When is International Women’s Day 2023? Date and history of celebration

It’s celebrated on the same date each year (Picture: Getty Images/iStockphoto)

International Women’s Day (IWD) is a worldwide celebration of women and their social, political and cultural achievements.

People from all sorts of backgrounds come together to cheer women on, encourage gender equality and highlight the issues that still need to be tackled so that the world can be a fairer and safer place for us all.

So, when is International Women’s Day celebrated and how can you get involved?

Here’s everything you need to know.

When is International Women’s Day in 2023?

Every year, people around the globe celebrate International Women’s Day on March 8 – which this year falls on a Wednesday.

Celebrate the wonderful women in your life this International Women’s Day (Picture: Getty Images/iStockphoto)

The special day takes place on the same day every year, but the type of events on offer are usually shaped around the theme, which changes each year.

According to the International Women’s Day website, this year’s theme is #EmbraceEquity.

International Women’s Day is often marked with huge rallies (Picture: Drew Angerer/Getty Images)

The campaign theme is explained as:

‘Equity isn’t just a nice-to-have, it’s a must-have.

‘A focus on gender equity needs to be part of every society’s DNA. And it’s critical to understand the difference between equity and equality.

‘The aim of the IWD 2023 #EmbraceEquity campaign theme is to get the world talking about Why equal opportunities aren’t enough. People start from different places, so true inclusion and belonging require equitable action. 

‘We can all truly embrace equity. It’s not just something we say. It’s not just something we write about.

‘It’s something we need to think about, know, value and embrace. It’s what we believe in, unconditionally. Equity means creating an inclusive world.’

Encouraging more women into science, technology, engineering and maths careers is part of the UN’s theme for International Women’s Day 2023 (Picture: Getty Images)

As for the United Nations’ theme for the special occasion, it is ‘DigitALL: Innovation and technology for gender equality’.

The UN points out that only 22% of workers in artificial intelligence are women, saying: ‘Women’s underrepresentation in science, technology, engineering and maths (STEM) education and careers remains a major barrier to their participation in tech design and governance.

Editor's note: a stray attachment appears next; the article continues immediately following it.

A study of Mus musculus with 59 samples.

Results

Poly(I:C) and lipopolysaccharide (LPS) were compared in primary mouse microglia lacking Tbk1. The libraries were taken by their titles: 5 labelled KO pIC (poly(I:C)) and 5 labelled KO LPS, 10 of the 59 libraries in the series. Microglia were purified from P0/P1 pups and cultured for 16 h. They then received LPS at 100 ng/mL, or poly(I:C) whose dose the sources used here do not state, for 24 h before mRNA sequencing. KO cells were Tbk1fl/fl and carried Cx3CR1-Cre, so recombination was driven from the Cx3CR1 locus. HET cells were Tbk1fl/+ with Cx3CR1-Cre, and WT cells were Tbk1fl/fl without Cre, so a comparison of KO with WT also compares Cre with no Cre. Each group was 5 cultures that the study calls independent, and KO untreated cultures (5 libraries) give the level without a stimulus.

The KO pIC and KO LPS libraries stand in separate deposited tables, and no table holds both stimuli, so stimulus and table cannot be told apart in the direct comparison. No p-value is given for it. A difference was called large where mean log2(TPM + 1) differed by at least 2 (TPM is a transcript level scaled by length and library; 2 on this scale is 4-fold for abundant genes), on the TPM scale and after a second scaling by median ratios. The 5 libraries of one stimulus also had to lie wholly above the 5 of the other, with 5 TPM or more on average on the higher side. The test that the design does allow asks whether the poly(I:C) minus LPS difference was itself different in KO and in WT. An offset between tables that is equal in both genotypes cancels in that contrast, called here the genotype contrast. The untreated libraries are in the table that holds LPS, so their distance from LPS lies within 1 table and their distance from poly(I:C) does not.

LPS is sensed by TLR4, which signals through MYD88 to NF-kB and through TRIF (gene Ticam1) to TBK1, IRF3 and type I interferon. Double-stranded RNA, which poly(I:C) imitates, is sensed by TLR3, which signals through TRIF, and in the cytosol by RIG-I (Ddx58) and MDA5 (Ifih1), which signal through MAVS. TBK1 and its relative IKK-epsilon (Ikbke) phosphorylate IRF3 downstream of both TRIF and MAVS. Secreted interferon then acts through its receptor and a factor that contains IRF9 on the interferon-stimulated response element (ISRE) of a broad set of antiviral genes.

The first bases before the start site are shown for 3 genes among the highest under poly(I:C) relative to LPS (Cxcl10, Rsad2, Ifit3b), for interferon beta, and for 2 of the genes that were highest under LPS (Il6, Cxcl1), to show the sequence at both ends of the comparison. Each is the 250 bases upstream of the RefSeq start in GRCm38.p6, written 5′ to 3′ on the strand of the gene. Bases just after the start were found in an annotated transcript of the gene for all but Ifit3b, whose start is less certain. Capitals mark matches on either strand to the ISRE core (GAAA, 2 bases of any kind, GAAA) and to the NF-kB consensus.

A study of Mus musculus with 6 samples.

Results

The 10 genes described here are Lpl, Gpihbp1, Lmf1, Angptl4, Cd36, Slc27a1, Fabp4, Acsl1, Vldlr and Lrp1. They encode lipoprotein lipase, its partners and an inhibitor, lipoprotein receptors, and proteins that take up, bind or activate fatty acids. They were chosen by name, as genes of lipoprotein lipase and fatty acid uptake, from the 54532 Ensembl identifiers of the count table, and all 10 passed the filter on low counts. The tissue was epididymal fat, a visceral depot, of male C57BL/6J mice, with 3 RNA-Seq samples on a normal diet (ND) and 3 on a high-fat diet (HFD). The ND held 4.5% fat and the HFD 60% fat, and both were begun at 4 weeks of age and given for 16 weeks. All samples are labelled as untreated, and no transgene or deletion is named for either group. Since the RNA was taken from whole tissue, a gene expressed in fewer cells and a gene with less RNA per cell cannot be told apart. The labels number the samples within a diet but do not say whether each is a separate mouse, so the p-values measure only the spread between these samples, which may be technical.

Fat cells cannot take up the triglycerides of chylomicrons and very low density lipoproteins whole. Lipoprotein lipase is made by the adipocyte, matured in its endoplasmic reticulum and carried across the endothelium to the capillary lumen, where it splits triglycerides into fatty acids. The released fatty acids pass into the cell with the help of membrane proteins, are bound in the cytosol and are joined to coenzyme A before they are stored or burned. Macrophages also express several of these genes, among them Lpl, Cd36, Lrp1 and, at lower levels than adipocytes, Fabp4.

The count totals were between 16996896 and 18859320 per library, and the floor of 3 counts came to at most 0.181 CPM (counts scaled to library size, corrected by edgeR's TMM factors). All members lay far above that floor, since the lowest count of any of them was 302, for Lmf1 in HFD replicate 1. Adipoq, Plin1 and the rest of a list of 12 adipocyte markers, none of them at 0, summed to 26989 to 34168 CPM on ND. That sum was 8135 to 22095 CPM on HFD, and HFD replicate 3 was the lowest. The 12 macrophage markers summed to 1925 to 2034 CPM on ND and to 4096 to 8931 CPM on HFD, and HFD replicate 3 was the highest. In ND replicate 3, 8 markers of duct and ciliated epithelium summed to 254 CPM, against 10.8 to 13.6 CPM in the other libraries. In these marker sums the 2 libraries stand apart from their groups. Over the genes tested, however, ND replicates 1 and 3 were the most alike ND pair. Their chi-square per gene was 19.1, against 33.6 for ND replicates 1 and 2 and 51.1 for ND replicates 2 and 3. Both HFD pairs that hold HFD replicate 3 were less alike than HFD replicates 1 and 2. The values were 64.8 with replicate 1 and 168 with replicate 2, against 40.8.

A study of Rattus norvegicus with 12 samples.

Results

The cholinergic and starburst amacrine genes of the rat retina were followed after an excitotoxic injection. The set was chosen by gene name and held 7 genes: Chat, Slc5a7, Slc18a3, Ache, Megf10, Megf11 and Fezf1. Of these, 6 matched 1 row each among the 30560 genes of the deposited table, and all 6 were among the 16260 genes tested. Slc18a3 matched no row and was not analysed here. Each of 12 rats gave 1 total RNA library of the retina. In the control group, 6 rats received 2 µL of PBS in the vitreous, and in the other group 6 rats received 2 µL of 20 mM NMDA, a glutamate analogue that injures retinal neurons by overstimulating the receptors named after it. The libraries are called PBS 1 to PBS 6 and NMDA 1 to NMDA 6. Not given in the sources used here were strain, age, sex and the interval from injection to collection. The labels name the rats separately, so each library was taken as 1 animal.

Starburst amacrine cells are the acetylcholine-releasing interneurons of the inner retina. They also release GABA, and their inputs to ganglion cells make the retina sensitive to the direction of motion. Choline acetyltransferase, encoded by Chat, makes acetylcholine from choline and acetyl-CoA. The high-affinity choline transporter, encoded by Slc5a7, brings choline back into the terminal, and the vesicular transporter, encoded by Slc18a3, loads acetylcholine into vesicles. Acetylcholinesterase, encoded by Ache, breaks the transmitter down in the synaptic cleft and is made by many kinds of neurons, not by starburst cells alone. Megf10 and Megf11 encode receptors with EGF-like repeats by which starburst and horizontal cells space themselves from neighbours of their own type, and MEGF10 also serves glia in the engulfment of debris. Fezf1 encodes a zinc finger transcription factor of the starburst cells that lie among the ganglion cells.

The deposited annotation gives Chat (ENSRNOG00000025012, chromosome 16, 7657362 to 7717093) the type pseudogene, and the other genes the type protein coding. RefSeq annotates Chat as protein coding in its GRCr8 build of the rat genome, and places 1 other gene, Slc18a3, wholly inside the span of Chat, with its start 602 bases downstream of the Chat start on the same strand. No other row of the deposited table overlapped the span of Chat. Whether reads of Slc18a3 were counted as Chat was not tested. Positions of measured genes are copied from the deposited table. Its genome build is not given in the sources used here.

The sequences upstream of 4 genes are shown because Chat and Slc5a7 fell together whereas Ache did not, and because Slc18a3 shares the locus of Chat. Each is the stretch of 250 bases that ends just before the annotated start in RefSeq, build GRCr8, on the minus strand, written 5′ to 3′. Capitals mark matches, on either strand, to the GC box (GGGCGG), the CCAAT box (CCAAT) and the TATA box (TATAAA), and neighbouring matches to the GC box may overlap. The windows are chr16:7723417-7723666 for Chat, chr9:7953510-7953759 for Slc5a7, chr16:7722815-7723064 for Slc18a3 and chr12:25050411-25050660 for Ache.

‘And the pervasive threat of online gender-based violence—coupled with a lack of legal recourse—too often forces them out of the digital spaces they do occupy.  

‘At the same time…the digital age represents an unprecedented opportunity to eliminate all forms of disparity and inequality.’


International Women’s Day’s origins date all the way back to 1908, when 15,000 women marched through New York City to demand shorter working hours, better pay and voting rights.

Later in 1910, Clara Zetkin, a member of Germany’s Social Democratic Party, proposed the creation of an International Women’s Day.

She suggested that the day could be dedicated to celebrating women and offer an opportunity to inspire necessary societal changes.

The idea was unanimously approved by numerous countries across the West.

By 1914, March 8 was officially coined as International Women’s Day and has remained that way ever since.

The event received official recognition by the United Nations in 1975.

suffragettes protesting for women's rights

International Women’s Day dates back to 1908 (Picture: George Rinhart/Corbis via Getty Images)

How is International Women’s Day celebrated?

International Women’s Day is celebrated in a myriad of ways. Some celebrate it by giving gifts and uplifting the women in their lives, while others join impactful protests and demonstrations to improve gender equality.

The day sees countless virtual and in-person events take place across the globe.

You can track down the events happening near you via the official IWD website – in London they include a free self-defence lesson on the evening of March 8.

In the UK, IWD will be marked with musical performances, fun runs and walks, special exhibitions and get-togethers, pop culture quizzes, bike rides, educational sessions and more.